First, try listening to understand. (Not listen to respond.)
Second, ask for clarification/expansion of ideas that don't make sense.
Third, step back and consider
a - conditions that might make what the person is saying true
b - soft factors (where they're coming from).
c - if it is a workable premise within it's own parameters* (This is different than the fifth step)
d - is it consistent with the ideals of a group**
Fourth, the Machiavelli Factor
a - what they aren't telling you
b - possible whys they are telling you (what profit, positioning and motive)
c - the nature of how they are telling (insulting, conversationally, etc)
d - what they want you to do about the information (including nothing, but also deliberately not stopping them for future behaviors).
Fifth, then you start looking at if the idea is plausible given external factors.
a - are there other factors influencing the subject? (For example: Standard business practices are _______. )
b - are these factors a more plausible explanation? How do they influence? (For example how do crime, a higher number of uninsured drivers, more stoned drivers influence insurance rates?)
c - do these different positions have a degree of interconnectiveness (Can it be a combo of A and B?)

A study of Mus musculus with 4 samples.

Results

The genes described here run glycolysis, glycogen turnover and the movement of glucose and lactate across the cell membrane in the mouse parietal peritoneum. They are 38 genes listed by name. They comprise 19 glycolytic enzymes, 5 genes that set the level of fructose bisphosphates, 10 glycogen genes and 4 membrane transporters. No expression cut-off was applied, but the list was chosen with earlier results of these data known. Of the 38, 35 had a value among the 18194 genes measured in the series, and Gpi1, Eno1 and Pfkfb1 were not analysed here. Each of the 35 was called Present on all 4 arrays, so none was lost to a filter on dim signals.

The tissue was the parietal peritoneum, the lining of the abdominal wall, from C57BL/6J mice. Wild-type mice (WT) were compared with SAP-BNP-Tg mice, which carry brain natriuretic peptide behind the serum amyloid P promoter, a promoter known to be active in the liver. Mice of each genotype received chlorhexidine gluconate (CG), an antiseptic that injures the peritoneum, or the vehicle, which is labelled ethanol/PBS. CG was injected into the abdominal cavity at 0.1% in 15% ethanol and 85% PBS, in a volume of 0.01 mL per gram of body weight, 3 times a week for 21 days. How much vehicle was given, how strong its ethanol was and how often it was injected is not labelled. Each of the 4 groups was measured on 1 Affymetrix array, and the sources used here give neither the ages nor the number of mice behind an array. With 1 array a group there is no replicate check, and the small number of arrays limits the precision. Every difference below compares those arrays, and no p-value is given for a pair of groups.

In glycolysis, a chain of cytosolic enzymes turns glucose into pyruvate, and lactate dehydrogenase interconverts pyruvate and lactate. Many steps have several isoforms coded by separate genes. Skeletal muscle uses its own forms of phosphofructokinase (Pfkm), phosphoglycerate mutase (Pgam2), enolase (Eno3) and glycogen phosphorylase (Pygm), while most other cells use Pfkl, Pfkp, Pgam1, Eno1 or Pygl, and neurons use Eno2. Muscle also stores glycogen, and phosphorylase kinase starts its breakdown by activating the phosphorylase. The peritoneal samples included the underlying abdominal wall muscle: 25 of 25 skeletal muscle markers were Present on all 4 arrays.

e - is the person dismissing other factors? (Basically claiming "NO! It's all about A!")
f - seek to find actual reasons why such an interpretation doesn't stand up, it's a whole lot more than an emotional "You're wrong."***
Sixth, ask if this person is aware of these other factors or bring them up in a non-confrontational manner. ("Are you factoring in _____")
Seventh, if you must refute the position: Make it about the position, NOT about the person. (Know this courtesy will often not be returned.)
Eight, know that certain canned doctrines are both very predictable in how they are presented AND the holes are consistent. When you derail those who are parroting, expect hostility. The faster they resort to that, the more you know you've got a Kool-Aid drinker. (No matter how much they pretend to be educated, informed and 'reasonable' about the subject.)
Nine, if someone comes up with some solid points that refute your position, consider them. It might just change your mind.
Running the early steps will get you thinking rather than just reacting emotionally and from pre-existing biases. It also helps to keep you from going tribal and protecting the ideology of 'us' against the evils of 'them.' (But at the same time, you'll be able to spot when someone is coming at you from a position of 'you're one of them!')
*Basically, without including external factors, does it make sense? (As opposed to "_______ exists because it's part of the Gray Lizard Men's conspiracy.")
** Does the idea stand up to the bigger ideas espoused by an ideology, or is this a perversion of those? (e.g., Christianity vs. the Inquisition)
*** At best, ‘you're wrong’ turns it into a debate (you're trying to win) vs. a dialectic (discussing different viewpoints to gain understanding). Far more common it just devolves into an argument, attitude and insults.